Last Updated Aug 17, 2010 8:31 PM EDT
Nick Thomley, the 30-year-old CEO of Pinnacle Services in Minneapolis, made that decision three years ago when he hired Jill Cihlar as his COO. Pinnacle, which provides home health care, housing, and employment services for seniors and people with disabilities, is now an $11.5 million company and has been on the Inc. 5000 list of fastest growing privately held companies for three consecutive years. Thomley attributes that growth to his new management structure. Here's how he knew it was time to loosen the reins of control so that his company could grow (and grow up):
- He was avoiding tasks he found unpleasant. "I wasn't dealing with employee issues, like terminating people who should have been let go, or getting employee evaluations done on time," he concedes. And the more the company grew, the more important those responsibilities became. "I needed to realize my strengths -- and they weren't in operations," Thomley says. "After I hired my COO, I had people who I had previously supervised come and thank me." Ouch!
- He was missing out on new business. Because Pinnacle lacked the organizational structure that any multi-million dollar company should have, Thomley found that he was too busy putting out fires and running the company on a day-to-day basis to think strategically. "We definitely missed opportunities because we just weren't organized enough," he says. Since hiring Cihlar and another senior level manager to oversee the company's case management division, Pinnacle has been able to expand its service offerings and increase revenue by 64% since 2006.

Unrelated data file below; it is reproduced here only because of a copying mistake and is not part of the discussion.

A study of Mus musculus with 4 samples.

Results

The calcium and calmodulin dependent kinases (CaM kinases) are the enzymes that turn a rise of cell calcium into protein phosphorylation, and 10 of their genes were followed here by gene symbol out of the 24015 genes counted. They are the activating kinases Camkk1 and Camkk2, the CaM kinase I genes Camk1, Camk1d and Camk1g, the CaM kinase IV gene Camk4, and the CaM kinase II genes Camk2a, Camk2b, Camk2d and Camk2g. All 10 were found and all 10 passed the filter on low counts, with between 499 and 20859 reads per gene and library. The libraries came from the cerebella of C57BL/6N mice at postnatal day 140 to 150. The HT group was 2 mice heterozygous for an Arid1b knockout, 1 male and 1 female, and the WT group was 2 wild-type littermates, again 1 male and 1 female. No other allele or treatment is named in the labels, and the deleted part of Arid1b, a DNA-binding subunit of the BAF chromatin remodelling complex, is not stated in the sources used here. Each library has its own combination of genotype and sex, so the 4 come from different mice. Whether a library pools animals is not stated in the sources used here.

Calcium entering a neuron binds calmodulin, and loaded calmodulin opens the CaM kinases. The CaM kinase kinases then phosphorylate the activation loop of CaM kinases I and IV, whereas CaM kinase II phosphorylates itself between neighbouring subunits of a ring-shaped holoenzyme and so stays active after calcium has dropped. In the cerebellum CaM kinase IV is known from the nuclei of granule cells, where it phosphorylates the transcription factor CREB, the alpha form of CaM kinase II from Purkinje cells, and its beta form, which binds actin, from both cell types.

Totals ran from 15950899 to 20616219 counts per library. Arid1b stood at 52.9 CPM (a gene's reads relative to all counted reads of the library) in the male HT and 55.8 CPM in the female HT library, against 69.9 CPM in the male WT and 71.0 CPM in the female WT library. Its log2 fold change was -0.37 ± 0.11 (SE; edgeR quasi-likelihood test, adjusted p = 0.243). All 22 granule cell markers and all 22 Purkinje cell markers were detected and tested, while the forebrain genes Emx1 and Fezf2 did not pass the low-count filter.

- He stopped having fun (and so did everyone one else). Thomley had always been proud of his innovative, youthful, and fun company culture. But a growing staff combined with an overflowing in-box meant that Thomley didn't have time to nurture that culture. When he delegated day-to-day control over operations and the company's 80 full time employees and 450 part time service providers, Thomley could once again focus on the fun stuff. The result: a foam pit (see picture, above) into which employees hurl themselves from the second to the first floor ("I went first and found out we needed more foam," says Thomley) and an inflatable Velcro wall (don't knock it until you've tried it). The staff recently took off a day to go snow tubing together, and a Minnesota Twins game is on the schedule for this spring. Thomley has also brought in an acupuncturist and a manicurist for free treatments. He estimates that turnover, which is typically high in his industry, has been reduced by 10% in the past two years.
How about you? Do you have a trusted management team? How do these employees change the way you run your company?
Foam pit image courtesy of Pinnacle Services.